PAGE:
The city of Denison has announced the two student artists who will soon have their sculptures featured in Waterloo Lake Park as part of a new public art program. The Art in the Park program represents a new partnership between the city and art students from the University of North Texas.


The Denison City Council recently agreed to enter into an art loan agreement with Tucker Jones and Lexis Thompson, two art students from the college, for the year of the program. If successful, the program could see new art displays added to the park each year on a rotating basis.


“The goal of our Art in the Park program is to increase the amenities present in the Waterloo Lake Park system and to allow art students to showcase their current art projects in a public setting,” Denison Parks and Recreation Management Assistant Bill Medina said. “Outdoor art appreciation will help distinguish Denison parks from others in the region.”


The program will allow students from the UNT sculpting program to submit proposals each year for potential art installations at the park as part of their studies. This will allow the city to feature new sculptures each year following the fall college semester.


The Art in the Park program unofficially began in 2017 as a beautification project for all of the city’s parks. At the time, there were many tree stumps and dead trees that needed removal and officials pitched the idea of using these stumps as a medium for carved art.


From there, city officials reached out to UNT Assistant Studio Arts Professor Alicia Eggert to see whether it was possible to enlist students into the project. Eggert said that it was too late to start the project for the then-upcoming year, but said it would be possible to form an entire class around public sculpture for the next fall semester.


The class was officially started this past fall, and featured topics ranging from how to make a proposal to how to handle graffiti and vandalism.


“We are super excited about this,” Eggert said in November. “I think it is a win-win situation to learn from or benefit in different ways.”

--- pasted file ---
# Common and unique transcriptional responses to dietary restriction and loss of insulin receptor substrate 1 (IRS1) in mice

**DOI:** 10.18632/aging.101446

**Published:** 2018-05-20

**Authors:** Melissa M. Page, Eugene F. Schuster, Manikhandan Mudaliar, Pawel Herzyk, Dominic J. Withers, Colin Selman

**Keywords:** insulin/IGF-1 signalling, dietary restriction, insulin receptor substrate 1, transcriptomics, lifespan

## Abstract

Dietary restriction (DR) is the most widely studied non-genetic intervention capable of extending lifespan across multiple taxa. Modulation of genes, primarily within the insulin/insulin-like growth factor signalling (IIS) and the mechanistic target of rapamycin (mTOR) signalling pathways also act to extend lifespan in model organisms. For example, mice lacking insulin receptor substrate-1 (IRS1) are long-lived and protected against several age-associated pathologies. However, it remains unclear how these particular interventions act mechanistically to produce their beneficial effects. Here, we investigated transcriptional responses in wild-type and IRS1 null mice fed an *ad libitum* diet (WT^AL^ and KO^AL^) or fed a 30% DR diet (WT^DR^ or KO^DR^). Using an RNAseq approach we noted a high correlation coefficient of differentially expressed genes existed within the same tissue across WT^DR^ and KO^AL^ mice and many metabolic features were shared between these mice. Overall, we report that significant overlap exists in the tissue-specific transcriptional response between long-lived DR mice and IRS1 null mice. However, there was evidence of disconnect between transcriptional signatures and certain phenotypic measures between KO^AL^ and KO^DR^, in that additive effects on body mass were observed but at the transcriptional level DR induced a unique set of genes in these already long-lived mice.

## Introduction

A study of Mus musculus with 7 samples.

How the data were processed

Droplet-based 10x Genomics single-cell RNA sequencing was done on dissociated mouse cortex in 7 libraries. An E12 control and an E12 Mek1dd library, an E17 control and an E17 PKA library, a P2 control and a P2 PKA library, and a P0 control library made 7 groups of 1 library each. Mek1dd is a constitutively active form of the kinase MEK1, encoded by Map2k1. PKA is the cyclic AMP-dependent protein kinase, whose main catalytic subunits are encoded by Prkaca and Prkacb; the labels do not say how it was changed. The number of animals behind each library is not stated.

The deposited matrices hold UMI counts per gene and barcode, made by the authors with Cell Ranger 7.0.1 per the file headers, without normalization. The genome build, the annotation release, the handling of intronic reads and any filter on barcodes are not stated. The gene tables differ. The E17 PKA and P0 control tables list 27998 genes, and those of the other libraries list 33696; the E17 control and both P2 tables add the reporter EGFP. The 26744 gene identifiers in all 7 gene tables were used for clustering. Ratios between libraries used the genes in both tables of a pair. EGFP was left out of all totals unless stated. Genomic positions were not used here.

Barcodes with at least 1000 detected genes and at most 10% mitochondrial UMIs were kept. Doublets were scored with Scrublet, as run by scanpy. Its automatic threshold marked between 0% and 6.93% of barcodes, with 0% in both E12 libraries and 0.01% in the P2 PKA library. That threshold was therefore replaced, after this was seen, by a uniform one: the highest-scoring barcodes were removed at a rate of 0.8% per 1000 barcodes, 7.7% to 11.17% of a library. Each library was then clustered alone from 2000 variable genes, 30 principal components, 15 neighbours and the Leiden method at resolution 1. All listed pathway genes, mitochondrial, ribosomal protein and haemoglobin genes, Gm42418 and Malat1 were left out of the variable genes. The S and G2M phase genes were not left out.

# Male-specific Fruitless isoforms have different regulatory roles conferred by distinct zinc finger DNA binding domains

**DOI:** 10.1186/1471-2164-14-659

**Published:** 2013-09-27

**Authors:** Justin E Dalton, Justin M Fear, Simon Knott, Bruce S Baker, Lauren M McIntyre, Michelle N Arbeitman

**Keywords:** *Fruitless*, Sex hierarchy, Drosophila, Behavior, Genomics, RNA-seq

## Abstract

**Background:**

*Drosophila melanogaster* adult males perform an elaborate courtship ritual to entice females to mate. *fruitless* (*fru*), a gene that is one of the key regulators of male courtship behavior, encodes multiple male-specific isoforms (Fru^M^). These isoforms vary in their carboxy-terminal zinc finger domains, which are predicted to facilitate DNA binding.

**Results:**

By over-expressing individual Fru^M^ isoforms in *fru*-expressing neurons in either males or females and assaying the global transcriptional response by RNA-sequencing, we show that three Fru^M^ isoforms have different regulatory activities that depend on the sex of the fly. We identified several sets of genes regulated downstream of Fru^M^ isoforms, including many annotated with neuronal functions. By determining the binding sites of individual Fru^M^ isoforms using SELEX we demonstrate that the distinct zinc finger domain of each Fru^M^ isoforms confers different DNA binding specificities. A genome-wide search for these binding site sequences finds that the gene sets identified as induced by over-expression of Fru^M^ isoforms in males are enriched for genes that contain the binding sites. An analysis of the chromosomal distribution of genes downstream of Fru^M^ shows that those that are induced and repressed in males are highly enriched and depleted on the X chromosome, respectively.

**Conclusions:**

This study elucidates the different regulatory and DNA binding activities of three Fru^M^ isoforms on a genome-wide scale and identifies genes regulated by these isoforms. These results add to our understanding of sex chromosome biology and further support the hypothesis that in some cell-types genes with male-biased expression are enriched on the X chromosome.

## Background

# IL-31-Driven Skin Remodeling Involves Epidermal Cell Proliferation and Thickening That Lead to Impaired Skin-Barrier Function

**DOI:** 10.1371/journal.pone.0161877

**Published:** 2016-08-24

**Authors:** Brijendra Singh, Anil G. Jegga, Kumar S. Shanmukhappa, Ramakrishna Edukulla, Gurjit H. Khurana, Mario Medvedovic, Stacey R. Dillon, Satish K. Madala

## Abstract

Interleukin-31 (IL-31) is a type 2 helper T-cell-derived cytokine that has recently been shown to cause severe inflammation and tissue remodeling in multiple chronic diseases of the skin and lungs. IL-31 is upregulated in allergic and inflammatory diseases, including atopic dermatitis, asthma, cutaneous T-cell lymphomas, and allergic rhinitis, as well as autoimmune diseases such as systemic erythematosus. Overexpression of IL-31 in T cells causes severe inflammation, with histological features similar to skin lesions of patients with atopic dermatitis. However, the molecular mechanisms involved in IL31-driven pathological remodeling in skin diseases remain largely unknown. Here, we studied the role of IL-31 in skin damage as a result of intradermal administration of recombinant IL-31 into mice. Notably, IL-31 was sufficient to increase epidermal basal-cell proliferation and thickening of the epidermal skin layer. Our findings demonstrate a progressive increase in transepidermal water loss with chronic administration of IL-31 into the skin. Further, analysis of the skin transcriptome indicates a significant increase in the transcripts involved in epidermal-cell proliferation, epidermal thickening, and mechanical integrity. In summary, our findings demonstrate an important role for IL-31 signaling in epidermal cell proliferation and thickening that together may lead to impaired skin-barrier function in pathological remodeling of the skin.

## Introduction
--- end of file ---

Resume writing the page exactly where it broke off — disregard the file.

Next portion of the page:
In total, 13 proposals were submitted for the program’s first year. As part of the proposal, the artists were required to create models of the art that were then put on display in Denison Public Library this fall. The students were also interviewed by city officials and members of the art community and had to pitch their vision.


“For this year, and potentially moving forward, the students will be graded on a public art proposal specific for the city of Denison, meaning we are a part of the curriculum,” Medina said.


The city budgeted $3,000 for the art displays, including a one-time cost of $600 for the creation of two concrete pads. If the project is continued in future years, these pads can be reused for future exhibits, City Manager Jud Rex said.


This budget includes $1,100 for each artist to create their piece. Rex noted that the college has also dedicated additional funding for the project.


The two art pieces that were chosen to be placed in the park both drew their inspiration from the park itself. “Congruence,” a sculpture made by Jones, will feature steel beams crossing each other, similar to how a patch of nearby cattails moves in the wind. Thompson instead took her inspiration from the lake itself with her piece entitled “Skipping.”


“Whenever I first visited the park, I kept thinking about the fluidity of the lake,” Thompson said. “The more I thought about it, I thought about what you do around a lake, and that is skip rocks.”


Thompson, a native of Whitesboro, said she learned a lot from going through the process of organizing and planning the art display.


“It kind of made me appreciate people who often do landscaping,” she said. “I didn’t consider how wet the land would be a certain distance from the lake. It kind of made me learn about these things I need to know. … They don’t teach you how to carve the earth in school.”


Despite some limitations, Thompson said, public art brought other opportunities and creative freedom that other mediums and gallery art would not allow. Public art also would expose her creations to a difference audience that may not be from the traditional art community, she said.


The displays are currently slated to open to the public in late July and will run through the end of March 2020.